Linked by Thom Holwerda on Fri 28th Sep 2012 21:51 UTC, submitted by MOS6510
General Development "When I started writing programs in the late 80s it was pretty primitive and required a lot of study and skill. I was a young kid doing this stuff, the adults at that time had it even worse and some of them did start in the punch card era. This was back when programmers really had to earn their keep, and us newer generations are losing appreciation for that. A generation or two ago they may have been been better coders than us. More importantly they were better craftsmen, and we need to think about that." I'm no programmer, but I do understand that the current crop of programmers could learn a whole lot from older generations. I'm not going to burn my fingers on if they were better programmers or not, but I do believe they have a far greater understanding of the actual workings of a computer. Does the average 'app developer' have any clue whatsoever about low-level code, let alone something like assembly?
Member since:
2005-07-22

Programmers used to have to be more precise simply because a run was a big deal. You didn't have your own machine at your beck and call. Instead, you shared a machine and computer time was a scarce resource (it cost money or it took you a long wait in line to get your program on the machine).

Also back in the punch card era, it wasn't so convenient to alter your code as it is today.

So I don't know whether old programmers were "better," but I do believe they had to code more carefully and rely much more on desk-checking than simply running a program over and over to eliminate error.


Yes, you're right. Thats how it was late when I started programming in the 1970s. If you didn't have your own computer or a terminal on your desk, just coding sheets and punched cards then you spent a lot of the day reading code and running programs in your head. As it happens that is still an essential skill today. Being able to visualise a program in your head is one of the things that separates an expert programmer from a poor one.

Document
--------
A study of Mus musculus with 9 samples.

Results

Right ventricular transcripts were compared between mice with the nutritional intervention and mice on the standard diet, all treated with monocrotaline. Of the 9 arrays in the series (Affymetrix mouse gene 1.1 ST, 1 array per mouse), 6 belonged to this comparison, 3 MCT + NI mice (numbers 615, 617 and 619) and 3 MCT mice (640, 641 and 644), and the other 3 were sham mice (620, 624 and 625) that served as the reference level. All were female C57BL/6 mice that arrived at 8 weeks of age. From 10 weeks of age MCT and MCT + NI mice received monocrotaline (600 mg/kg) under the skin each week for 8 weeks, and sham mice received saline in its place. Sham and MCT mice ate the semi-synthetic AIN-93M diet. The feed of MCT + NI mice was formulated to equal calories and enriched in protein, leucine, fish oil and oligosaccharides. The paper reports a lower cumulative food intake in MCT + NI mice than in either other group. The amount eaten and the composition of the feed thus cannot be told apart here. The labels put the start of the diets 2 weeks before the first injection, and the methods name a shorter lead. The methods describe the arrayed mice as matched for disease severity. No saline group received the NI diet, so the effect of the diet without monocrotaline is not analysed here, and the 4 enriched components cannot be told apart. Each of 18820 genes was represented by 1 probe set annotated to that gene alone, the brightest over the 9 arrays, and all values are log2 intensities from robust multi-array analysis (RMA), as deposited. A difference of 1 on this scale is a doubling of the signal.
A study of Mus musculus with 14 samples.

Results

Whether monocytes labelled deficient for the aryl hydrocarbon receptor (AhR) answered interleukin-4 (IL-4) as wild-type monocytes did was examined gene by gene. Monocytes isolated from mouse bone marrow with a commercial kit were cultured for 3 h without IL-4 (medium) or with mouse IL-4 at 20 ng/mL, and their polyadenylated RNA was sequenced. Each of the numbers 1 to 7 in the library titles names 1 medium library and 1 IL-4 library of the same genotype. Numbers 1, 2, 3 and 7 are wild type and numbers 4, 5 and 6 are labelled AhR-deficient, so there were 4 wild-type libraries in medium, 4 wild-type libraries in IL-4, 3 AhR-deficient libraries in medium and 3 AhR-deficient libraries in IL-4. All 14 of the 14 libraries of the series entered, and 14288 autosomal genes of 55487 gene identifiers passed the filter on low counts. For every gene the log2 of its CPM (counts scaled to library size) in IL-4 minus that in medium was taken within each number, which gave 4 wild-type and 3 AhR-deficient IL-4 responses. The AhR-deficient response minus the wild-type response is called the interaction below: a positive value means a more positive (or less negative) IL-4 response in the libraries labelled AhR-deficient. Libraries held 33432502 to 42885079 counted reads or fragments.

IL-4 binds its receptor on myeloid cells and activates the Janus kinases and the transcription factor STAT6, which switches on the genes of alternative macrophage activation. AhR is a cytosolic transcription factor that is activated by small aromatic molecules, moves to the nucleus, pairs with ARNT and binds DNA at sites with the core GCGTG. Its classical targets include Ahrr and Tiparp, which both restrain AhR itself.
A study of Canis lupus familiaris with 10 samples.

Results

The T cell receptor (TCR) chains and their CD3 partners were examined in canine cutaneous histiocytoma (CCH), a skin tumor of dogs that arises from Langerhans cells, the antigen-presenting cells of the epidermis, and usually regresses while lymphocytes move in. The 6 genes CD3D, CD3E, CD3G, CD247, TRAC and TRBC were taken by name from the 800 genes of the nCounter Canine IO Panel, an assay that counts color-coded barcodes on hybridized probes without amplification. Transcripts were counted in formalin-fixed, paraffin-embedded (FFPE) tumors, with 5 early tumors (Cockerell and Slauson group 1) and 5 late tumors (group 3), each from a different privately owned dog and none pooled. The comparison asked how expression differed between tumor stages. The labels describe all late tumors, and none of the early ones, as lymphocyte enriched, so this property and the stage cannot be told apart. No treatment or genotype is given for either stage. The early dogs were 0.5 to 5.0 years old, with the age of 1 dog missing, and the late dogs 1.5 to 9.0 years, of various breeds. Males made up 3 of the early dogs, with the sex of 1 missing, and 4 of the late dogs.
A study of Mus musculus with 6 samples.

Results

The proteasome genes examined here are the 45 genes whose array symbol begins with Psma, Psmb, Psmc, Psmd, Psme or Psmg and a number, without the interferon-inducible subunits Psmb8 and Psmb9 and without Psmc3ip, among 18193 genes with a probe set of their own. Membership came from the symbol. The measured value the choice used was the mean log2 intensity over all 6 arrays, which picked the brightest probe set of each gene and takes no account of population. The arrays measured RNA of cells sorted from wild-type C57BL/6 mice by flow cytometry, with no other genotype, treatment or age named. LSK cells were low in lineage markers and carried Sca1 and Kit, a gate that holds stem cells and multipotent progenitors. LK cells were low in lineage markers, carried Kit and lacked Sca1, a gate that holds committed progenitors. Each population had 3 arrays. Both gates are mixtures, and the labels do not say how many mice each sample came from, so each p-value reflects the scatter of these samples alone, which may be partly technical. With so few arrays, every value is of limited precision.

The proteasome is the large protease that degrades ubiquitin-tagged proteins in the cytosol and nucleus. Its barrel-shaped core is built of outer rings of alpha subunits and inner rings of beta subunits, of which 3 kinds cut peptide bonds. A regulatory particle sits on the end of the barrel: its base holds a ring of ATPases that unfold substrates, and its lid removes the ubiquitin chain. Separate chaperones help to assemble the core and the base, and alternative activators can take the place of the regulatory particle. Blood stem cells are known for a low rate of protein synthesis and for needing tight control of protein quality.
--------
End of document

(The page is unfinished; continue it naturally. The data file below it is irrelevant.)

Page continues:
In fact, the reason why programming hasn't actually changed much is because you mostly do it in your head. It's a bonus if you can edit code easily or get more than two compiles a day, but it doesn't change what if feels like when you are doing programming much.

I started at University using a teletype with an interactive language, which was really very similar to a ruby or python console that we use today. When I started my first job 1978, it wasn't interactive like that though - everything was batch processing even developing online applications wasn't done interactively.

To me what has changed is that a programmer today can teach themselves new languages and skills because we have the internet and personal computers. We can learn more by collaborating with other people to write Free Software on github. In the 1970s when I started you couldn't do that. If you wanted to learn something new you could buy a book on 'Jackson Structured Programming', but you would need your employer to send you on a course if you wanted to learn a new programming language. We are much more in control of our careers than we were then in my opinion.

The article seems to believe that because programming used to be harder, it attracted better people somehow. I don't see how that follows at all. There used to be just as many poor programmers 30 years ago as there are today.